Instagram users’ patterns of behaviour related to receiving additional followers and likes are similar to general behaviour patterns related to receiving additional money and food, according to research carried out by DIGYMATEX partner Peter N. C. Mohr together with his research partner Tim Schulz van Endert, both of the Freie Universität Berlin’s School of Business and Economics.
The results of their online experiment including 214 Instagram users were published in February in Frontiers in Psychology, in an article titled “Delay Discounting of Monetary and Social Media Rewards: Magnitude and Trait Effects”.
“The present results suggest that Instagram followers and likes, being new, non-consumable rewards from the digital sphere, are subject to a value function with a similar curvature as other well-researched outcomes, such as money, food and drinks, entertainment or addictive substances,” the researchers noted.
The Instagram users in the experiment had to choose between smaller, immediate and larger delayed amounts of hypothetical money, Instagram followers and likes. The “magnitude effect” means that smaller rewards are discounted more steeply than large rewards – smaller rewards lose their hypothetical value more quickly when postponed into the future.
The “trait effect” means that how someone attributes less value to one kind of delayed reward can be used to predict how that person will attribute less value to other kinds of delayed rewards. Both effects are well documented for a variety of reward types, but until now had not been documented with social media “rewards”.
“First, we found that the magnitude effect also applies to Instagram followers and likes. Second, delay discounting of all three reward types was correlated, providing further evidence for a trait influence of delay discounting,” Schulz van Endert and Mohr said. Nonetheless, “no relationships were found between delay discounting and self-control as well as Instagram screen time, respectively.”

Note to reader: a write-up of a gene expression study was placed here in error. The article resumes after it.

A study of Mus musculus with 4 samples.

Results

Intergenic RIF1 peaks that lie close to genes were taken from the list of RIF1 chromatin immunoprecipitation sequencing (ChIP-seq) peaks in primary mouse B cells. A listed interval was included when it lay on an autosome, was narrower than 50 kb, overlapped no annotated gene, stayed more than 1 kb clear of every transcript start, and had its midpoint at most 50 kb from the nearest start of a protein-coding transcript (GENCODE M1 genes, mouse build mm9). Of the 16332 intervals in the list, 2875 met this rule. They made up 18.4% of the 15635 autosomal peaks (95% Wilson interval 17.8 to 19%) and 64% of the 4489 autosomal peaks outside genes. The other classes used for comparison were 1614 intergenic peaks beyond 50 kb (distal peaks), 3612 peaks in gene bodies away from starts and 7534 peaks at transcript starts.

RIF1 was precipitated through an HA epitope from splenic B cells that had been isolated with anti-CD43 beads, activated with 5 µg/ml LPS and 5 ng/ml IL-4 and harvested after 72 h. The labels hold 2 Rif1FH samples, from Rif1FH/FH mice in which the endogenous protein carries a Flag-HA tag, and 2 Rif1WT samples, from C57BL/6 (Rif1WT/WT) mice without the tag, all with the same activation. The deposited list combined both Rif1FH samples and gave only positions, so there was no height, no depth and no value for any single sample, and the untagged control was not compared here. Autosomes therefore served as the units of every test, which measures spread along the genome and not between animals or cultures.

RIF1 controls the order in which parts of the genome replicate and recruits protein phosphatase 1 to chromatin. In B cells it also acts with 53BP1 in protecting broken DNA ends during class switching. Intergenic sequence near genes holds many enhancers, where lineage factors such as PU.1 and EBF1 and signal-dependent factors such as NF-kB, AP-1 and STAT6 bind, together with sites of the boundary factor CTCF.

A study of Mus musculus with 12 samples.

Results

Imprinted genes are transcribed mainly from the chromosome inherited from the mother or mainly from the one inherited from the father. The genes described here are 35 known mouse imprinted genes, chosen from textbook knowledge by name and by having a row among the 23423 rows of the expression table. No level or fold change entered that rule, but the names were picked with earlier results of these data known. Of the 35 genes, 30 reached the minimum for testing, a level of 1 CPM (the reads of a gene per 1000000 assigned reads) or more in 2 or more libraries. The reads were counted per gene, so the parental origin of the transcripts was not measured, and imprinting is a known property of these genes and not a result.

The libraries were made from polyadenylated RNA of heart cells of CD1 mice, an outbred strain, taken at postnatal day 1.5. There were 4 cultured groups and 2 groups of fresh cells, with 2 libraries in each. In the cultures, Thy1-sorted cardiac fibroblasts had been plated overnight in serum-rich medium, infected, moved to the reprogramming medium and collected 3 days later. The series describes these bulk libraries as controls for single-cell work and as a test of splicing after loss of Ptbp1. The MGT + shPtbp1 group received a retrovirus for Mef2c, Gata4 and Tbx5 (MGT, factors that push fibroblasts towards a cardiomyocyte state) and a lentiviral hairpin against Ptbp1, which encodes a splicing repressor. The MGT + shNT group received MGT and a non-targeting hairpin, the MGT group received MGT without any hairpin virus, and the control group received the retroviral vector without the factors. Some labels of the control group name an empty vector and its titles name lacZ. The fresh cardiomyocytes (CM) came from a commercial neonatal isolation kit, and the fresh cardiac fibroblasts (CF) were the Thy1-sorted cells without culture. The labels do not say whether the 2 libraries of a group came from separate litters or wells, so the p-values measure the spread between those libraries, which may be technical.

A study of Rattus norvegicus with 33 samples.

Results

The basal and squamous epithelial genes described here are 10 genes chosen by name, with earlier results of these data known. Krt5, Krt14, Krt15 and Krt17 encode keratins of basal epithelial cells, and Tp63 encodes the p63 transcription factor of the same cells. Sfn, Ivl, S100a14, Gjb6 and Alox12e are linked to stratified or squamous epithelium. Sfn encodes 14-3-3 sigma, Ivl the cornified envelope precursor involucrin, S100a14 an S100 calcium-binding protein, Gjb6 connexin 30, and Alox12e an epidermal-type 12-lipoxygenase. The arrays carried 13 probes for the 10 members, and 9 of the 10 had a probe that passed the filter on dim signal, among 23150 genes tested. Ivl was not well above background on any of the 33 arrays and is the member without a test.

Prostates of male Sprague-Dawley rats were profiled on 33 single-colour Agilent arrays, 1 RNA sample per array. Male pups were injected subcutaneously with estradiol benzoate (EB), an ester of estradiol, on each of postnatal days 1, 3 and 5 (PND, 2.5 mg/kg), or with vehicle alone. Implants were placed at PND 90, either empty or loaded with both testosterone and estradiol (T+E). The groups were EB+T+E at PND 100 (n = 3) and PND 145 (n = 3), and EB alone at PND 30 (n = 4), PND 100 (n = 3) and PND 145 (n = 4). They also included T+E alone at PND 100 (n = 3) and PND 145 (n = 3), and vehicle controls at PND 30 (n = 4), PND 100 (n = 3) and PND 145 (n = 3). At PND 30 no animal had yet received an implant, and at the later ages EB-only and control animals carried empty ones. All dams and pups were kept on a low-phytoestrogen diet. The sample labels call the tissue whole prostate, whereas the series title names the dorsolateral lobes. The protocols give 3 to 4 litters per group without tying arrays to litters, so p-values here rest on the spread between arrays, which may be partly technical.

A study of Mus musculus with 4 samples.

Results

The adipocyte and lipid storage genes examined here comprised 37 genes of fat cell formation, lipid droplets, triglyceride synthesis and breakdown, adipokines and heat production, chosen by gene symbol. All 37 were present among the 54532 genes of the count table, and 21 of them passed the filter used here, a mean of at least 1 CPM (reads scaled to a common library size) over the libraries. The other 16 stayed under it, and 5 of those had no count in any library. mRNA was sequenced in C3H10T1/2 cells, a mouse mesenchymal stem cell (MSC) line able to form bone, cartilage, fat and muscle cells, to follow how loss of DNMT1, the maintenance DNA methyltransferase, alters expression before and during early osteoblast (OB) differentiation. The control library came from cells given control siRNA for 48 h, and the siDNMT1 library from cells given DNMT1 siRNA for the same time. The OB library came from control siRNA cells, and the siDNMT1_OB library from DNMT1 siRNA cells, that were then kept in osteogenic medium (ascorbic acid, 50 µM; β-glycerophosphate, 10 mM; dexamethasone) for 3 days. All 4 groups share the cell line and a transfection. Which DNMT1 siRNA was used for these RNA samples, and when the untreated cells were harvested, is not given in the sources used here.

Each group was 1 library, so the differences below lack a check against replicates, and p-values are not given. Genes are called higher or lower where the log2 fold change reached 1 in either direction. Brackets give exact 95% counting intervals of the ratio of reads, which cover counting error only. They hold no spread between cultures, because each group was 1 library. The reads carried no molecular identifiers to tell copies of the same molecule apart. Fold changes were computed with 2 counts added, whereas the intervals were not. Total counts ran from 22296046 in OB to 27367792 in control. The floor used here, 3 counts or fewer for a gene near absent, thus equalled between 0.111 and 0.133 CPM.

Their data showed that Instagram users were quicker to attribute less value to small delayed rewards than they were to delayed medium rewards, and that they quicker to attribute less value to medium-sized delayed rewards than they were to larger delayed rewards. These findings, reflecting the magnitude effect, held regardless of whether the reward delayed consisted of money, additional Instagram followers or additional Instagram likes.
Additionally, the researchers found that a user’s average count of Instagram likes was related to how they attributed less value to delayed likes.
“In an Instagram user context the magnitude effect implies that people seem to be more impulsive when the number of additional followers and likes they receive is relatively lower, such as when they have posted less popular content,” they explained. “In contrast, when a photograph or video post is being received more positively users seem to be more willing to wait for any additional followers and likes.”
The researchers suggested that an interesting question for future research could be to see “if this shift in impulsivity spills over onto behavior outside the platform, i.e., do people choose more impulsively (e.g., at work, while shopping) when they have posted content on social media which is receiving relatively less appreciation?”